As we observe Veterans Day and thank those who have served in the military, we salute a select group committed to helping their fellow veterans who are facing the biggest battle of their lives.
Members of the Care Dimensions Veteran-to-Veteran Volunteer Program provide companionship and a friendly set of ears for veterans receiving hospice care. They give of themselves, not just out of their sense of duty, but out of respect and admiration.
Hospice volunteer honors veterans’ service
“It’s a wonderful way to honor the service that these veterans gave for our country, acknowledge what they did, and to share our experiences,” said Jeff Brand, an Air Force veteran from Marblehead who became a Care Dimensions volunteer earlier this year and sees only patients who are veterans.
After leaving the Air Force in 1977, Jeff worked for 40 years in private practice as anesthesiologist at North Shore Medical Center in Salem. Interacting with patients all those years helped prepare him as a hospice volunteer.
“When I took care of patients in my practice, I believed it was important to listen and have compassion,” said Jeff. “There’s a parallel in volunteering with hospice patients.
“When I first meet them, I ask them their branch of service, what they did, and go from there,” Jeff continued. “It’s important to listen to their stories, let them know that I understand what they’re talking about, and that it has value. That shows I respect them.”
Each week, Jeff visits World War II veteran Stanley Lojko at his Salem home. Stanley enlisted in the U.S. Army right after graduating high school in 1941 and served in an anti-aircraft artillery battalion in New Guinea. Soon after meeting, these two veterans discovered they shared an interest in Boston sports.
“I enjoy talking all sports with Jeff, especially football and baseball,” said Stanley, a life-long Boston sports fan who proudly notes he was captain of his high school baseball team. “He’s very nice, and I look forward to his visits.”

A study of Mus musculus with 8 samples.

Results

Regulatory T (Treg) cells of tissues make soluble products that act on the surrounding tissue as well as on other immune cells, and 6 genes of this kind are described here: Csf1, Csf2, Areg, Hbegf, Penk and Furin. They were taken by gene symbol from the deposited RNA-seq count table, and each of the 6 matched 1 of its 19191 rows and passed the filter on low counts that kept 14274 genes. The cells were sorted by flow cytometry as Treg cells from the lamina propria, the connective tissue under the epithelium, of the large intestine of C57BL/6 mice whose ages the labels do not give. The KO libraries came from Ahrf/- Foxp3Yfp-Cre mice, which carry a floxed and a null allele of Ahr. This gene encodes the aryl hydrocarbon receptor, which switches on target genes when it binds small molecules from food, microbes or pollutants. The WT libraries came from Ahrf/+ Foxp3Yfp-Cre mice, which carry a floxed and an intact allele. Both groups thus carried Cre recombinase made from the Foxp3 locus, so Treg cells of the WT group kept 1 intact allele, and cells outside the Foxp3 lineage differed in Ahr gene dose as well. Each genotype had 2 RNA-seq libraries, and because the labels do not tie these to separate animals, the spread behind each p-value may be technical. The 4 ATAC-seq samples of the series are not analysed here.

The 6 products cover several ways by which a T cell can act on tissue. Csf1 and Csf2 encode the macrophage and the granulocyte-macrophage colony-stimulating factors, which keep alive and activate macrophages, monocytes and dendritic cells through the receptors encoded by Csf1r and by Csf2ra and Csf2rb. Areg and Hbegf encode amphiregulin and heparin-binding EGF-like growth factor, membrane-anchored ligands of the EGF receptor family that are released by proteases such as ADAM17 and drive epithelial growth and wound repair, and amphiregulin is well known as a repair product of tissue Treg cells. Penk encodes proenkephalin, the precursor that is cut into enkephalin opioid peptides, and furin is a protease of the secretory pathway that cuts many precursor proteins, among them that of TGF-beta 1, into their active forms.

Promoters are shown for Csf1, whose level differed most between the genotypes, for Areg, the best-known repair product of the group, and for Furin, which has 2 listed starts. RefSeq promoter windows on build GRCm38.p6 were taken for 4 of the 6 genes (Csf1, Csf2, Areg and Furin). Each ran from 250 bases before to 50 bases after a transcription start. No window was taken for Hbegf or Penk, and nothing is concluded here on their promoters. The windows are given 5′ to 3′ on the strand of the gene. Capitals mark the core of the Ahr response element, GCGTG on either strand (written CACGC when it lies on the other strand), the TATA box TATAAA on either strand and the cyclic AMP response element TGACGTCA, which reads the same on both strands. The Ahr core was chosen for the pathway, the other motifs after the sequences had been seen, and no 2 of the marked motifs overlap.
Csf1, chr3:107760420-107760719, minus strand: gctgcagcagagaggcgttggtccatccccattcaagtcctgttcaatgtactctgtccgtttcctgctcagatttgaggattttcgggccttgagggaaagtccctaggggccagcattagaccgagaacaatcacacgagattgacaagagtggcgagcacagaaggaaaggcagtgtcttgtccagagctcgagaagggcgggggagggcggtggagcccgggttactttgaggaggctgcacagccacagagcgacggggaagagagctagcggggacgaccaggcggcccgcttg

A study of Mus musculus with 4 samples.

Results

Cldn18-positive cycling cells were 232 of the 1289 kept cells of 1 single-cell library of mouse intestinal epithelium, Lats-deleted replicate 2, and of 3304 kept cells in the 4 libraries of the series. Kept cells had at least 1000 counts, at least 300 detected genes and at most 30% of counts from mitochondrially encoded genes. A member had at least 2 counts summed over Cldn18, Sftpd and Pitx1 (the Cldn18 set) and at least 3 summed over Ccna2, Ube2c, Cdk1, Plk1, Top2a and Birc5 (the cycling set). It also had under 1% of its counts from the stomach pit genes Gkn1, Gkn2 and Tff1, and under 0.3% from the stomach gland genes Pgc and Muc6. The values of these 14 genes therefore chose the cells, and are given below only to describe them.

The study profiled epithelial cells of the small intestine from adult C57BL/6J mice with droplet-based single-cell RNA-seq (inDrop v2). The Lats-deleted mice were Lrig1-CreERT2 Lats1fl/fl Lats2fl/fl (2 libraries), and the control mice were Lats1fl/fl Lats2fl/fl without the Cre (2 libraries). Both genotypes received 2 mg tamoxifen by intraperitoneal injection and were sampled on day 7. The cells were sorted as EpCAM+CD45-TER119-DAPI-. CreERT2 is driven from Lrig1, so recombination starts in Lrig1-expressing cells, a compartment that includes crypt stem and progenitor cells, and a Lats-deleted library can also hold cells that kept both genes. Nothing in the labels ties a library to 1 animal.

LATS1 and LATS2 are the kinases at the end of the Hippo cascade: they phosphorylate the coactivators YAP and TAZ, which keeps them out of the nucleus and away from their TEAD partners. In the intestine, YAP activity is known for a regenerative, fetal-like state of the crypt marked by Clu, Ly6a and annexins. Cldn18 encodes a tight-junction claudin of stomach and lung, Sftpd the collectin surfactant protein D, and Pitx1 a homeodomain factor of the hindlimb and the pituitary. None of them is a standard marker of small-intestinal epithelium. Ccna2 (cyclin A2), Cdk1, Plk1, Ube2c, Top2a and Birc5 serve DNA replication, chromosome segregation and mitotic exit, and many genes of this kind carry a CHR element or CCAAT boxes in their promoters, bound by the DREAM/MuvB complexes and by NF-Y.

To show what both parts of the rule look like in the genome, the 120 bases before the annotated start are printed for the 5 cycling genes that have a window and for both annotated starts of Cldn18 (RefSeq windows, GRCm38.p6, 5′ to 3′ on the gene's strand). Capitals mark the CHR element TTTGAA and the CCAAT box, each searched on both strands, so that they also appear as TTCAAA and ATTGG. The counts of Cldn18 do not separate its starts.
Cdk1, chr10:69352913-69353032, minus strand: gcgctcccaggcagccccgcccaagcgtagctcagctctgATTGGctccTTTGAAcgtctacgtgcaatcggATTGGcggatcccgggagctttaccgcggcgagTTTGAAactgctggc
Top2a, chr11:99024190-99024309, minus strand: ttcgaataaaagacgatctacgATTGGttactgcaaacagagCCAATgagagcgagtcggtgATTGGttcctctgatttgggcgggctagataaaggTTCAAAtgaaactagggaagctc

“Stan likes company, and I’m more than happy to go over and talk sports or whatever is on his mind,” said Jeff.
Marine veteran: volunteering for hospice ‘very rewarding’
Charlie Ciaramitaro of Hamilton served in the Marine Corps from 1964 to 1967 and was discharged after being wounded in Vietnam. He has been active in numerous veterans’ organizations, including the Disabled American Veterans, American Legion, and the Veterans of Foreign Wars, in which he served as Beverly Post Commander for three years. After seeing how much his wife, Fay, enjoyed being a Care Dimensions hospice volunteer, Charlie joined the Veteran-to-Veteran Volunteer Program about five years ago.
Charlie has volunteered with hospice patients who served in World War II, Korea, and Vietnam.
“A lot of these vets have a story to tell. It doesn’t have to be about combat,” said Charlie. “Especially the World War II vets. Everybody who was willing and able went into the military. They didn’t ask questions. They just did it and when they came home, they went back to work and raised families.
“I really get a lot of satisfaction spending time with them,” Charlie continued. “A lot of times when I visit, I wear a veterans shirt and hat, which they recognize right away. It opens the door to conversation.”
Charlie recalled visiting a WWII Marine who was receiving hospice care at a nursing home. “He fought in the Pacific and landed in Iwo Jima. He truly was a member of the Greatest Generation,” Charlie said. “I used to play Italian music for him on my iPad, and he would rock back and forth to the music. One day, a keyboard player visited down the hall, and he started playing the Marine Corps hymn. My patient perked right up and we went down there to hear that song. We’re two Marines – from WWII and Vietnam – listening to the hymn that united us.”
Currently, Charlie volunteers for Care Dimensions by seeing World War II veteran Joe Moran, who receives hospice care at his Ipswich home. Retired from the Lynn, MA, police department, the 97-year-old is an avid cribbage player who enjoys Charlie’s weekly visits by taking him on in several games.
“Joe is a very interesting guy, and I enjoy hearing his stories and learning more about cribbage,” said Charlie. “He’s really improved my game, and I even won a couple of times recently.”
“I guess I taught him too well,” Joe joked.
Volunteering a few hours a week for veterans who are on hospice is very rewarding, Charlie said. “Sometimes I think I get more out of it than the patient does. It’s a great feeling to know that they appreciate me giving my time. And family members also are grateful because they can go out for a couple of hours while I’m there and not worry about their loved one.”
Jeff Brand echoed that sense of satisfaction and recalled a routine he has with a hospice patient he visits at the Chelsea Soldiers’ Home. “When I’m ready to leave, we shake hands, and I thank him for his service. We both salute each other and he says, ‘Carry on.’ He always asks, ‘When are you coming back?’ It’s a really nice feeling to know that he appreciates my visits.”
All Care Dimensions hospice volunteers complete comprehensive training. To learn more about the Care Dimensions Veteran-to-Veteran Volunteer Program, contact Sheryl Meehan, director of volunteer services and complementary therapies, 978-750-9321.